Stephen Kinnock: Ukraine is on the frontline of the fight for the values that we in Britain hold dear: democracy, liberty and self-determination. It has therefore been truly inspiring to see 200,000 British households willing to open their doors to Ukrainians—largely women and children—who are fleeing Putin’s barbaric war. Somehow, though, the Home Secretary has managed to turn this inspirational story of British generosity into a bureaucratic nightmare.

The Opposition of course welcome the two visa routes that the Government have opened, but we have grave concerns that the Home Secretary’s poor leadership has meant that the ambitions and generosity of the British people are not being matched by a Government who seem to be more interested in chasing headlines than fulfilling practical tasks and duties.

The latest figures show that of the 74,000 visa applications under the Homes for Ukraine scheme, just 11,100 have arrived—and this is several weeks after the scheme went live. In these matters, I usually try to assume that such things are down to cock-up rather than conspiracy—especially when it comes to the Home Office under this Home Secretary—but will the Minister expand on claims by a whistleblower who was contracted by the Home Office that the Government are deliberately withholding visas for a single child in a wider family to prevent the whole family from arriving? I have been alerted to the case of a family who were told that their visas were ready, but when they went to collect them, the one for their three-year-old child was not there. There are many other deeply troubling cases of this nature. How on earth can this be happening? I sincerely hope it is not deliberate.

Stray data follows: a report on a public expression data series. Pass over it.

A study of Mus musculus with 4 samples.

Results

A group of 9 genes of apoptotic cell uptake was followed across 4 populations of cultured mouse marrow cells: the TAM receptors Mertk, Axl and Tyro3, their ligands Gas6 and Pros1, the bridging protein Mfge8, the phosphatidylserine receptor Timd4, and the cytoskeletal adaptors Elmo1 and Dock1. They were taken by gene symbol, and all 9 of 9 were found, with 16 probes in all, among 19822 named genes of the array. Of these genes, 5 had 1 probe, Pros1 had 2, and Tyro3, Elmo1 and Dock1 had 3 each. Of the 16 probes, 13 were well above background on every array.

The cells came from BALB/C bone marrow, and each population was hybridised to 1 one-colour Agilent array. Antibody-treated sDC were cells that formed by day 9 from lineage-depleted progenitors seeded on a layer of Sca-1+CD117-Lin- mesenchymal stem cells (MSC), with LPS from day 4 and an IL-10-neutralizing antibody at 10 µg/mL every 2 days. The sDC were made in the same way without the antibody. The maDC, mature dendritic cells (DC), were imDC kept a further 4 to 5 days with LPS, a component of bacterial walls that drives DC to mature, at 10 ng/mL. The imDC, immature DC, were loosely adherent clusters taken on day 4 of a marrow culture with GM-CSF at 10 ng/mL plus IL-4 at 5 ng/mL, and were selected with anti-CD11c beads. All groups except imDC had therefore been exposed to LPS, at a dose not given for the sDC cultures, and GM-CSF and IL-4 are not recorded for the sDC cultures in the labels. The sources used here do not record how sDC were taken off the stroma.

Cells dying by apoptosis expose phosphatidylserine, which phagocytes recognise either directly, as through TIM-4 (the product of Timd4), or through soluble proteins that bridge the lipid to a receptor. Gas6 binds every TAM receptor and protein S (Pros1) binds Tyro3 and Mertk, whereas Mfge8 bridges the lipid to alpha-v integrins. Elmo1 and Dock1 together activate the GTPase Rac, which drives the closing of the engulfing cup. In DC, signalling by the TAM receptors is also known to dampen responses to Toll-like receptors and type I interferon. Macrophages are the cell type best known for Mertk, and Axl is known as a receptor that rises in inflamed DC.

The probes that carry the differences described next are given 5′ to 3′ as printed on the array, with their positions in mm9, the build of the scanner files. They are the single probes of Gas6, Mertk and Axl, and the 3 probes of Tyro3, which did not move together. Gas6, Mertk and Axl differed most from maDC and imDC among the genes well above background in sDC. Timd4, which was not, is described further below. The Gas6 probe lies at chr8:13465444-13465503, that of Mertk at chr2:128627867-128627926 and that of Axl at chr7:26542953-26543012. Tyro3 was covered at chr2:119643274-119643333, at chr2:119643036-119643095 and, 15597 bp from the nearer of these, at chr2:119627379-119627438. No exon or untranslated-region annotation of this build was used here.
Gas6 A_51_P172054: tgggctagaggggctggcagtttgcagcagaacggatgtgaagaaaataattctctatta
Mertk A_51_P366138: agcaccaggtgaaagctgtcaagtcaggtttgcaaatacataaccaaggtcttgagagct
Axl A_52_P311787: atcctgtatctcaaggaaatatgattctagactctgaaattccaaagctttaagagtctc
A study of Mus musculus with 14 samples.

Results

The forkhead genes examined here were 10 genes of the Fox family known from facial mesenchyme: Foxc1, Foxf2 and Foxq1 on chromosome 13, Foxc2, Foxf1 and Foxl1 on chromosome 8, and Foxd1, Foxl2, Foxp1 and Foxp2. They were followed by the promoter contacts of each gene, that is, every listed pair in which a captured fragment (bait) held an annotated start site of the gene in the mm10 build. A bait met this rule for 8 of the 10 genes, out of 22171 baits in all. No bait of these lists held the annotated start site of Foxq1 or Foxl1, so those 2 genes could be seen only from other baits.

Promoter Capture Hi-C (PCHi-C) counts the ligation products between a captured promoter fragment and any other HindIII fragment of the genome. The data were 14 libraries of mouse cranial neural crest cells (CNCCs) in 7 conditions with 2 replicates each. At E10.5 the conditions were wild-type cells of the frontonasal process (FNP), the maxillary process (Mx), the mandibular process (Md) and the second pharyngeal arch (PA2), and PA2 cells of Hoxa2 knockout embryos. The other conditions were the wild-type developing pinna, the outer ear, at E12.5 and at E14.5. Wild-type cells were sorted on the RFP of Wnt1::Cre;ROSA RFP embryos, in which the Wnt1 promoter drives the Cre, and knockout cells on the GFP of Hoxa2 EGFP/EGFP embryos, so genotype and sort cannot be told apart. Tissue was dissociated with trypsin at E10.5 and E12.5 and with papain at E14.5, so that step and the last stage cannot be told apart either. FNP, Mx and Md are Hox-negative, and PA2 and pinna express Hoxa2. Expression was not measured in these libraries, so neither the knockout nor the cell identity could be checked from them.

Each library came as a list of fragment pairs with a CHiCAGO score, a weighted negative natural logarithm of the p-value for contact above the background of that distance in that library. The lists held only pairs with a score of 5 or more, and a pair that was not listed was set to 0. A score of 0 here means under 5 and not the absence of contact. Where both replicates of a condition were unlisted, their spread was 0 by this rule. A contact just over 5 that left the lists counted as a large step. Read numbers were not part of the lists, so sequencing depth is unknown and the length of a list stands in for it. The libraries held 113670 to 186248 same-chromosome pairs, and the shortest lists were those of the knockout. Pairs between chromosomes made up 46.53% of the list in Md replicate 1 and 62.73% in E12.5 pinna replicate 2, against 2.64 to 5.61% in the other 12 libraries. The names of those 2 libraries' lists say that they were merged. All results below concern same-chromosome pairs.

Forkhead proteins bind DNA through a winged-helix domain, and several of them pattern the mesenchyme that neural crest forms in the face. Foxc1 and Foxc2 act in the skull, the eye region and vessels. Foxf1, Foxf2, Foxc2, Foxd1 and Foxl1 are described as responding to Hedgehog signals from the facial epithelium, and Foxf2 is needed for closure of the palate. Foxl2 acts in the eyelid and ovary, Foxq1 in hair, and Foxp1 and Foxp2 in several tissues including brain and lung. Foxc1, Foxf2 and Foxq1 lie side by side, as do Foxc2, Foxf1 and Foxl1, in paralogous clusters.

Members from all parties have been deeply frustrated by the speed at which the Home Office has responded on casework. For too many, the so-called hotline has gone stone cold. Yesterday, the queue for the MP queries desk in Portcullis House was more than three hours long. What is the Home Secretary doing to sort this mess out? Why is it that, even though she has taken caseworkers off the Afghan scheme—which has run to a standstill, with 12,000 Afghans stuck in hotels, at huge expense to the British taxpayer—she still cannot manage to organise a system that works for Ukraine? It is simply not good enough. I hope the Home Secretary and the Minister can provide answers. Our constituents deserve them, and so do those Ukrainians whose relatives are sacrificing their lives in the fight for freedom.